Although most think of Kansas in reference to golden wheat fields, there is another aspect of Kansas that anchors our history as a state – the prairie. That is the ecosystem that was conquered by the plow; it is the native land that was lost as the grasses became farmland and eventually cities. It is that part of Kansas that we are now trying to restore and preserve. The prairie has stolen our hearts.
It is not easy making a living on ranch land, especially if it is done right and with conservation practices to protect the grasses. New sciences now tell us that some of our old practices are destructive and we are trying to both profit and conserve. Dioum, a poet and conservationist, once wrote,
“In the end, we will conserve only what we love.
We will love only what we understand.
We will understand only what we are taught.”
And so I joined my fellow naturalists this week to learn about the prairie – the biota, the ecosystem, the preservation of the precious root systems while grazed, and the need for pollination. I already love what I have – even if it is only thirty-eight acres of mid and short grass prairie – and now, I want to understand it. It is precious to me, as a shelter for animal and bird life, and as a remnant of the Great Plains Prairie that I am a part of.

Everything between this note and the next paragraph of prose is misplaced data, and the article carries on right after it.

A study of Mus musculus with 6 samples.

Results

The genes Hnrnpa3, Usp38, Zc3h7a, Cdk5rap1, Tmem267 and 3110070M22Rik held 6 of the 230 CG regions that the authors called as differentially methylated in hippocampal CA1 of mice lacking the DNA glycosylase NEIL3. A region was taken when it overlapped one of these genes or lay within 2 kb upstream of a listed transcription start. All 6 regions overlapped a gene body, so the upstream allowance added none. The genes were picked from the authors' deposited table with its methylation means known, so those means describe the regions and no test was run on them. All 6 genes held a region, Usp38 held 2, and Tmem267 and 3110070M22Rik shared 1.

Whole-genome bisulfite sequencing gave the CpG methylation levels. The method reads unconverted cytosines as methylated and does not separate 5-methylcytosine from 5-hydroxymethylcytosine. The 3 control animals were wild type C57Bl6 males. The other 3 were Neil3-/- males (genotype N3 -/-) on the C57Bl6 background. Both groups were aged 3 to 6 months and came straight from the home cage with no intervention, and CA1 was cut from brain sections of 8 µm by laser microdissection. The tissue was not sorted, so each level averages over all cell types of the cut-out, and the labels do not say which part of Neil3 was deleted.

The tallgrass prairie is well known and is now a national preserve. There is now a Prairie Discover Center near Junction City ( http://www.flinthillsdiscovery.org/index.php) and there is a Konza Prairie Center (http://keep.konza.ksu.edu/visit/). This weekend I will be a volunteer at the prairie preservation effort of “Symphony in the Flint Hills,” www.symphonyintheflinthills.org), a unique and unforgettable esperience for all who participate.
Our Kansas prairies are a personal interest - I hope we each have one that holds this precious earth as sacred land. My efforts go to prairies, but also all of nature. We hold that responsibility in our hands as earth dwellers. I am enjoying doing my tiny little part to leave a good earth to our children so that they too will conserve because they love - because the understand - because they were taught. Our examples and our teaching are what we have to give.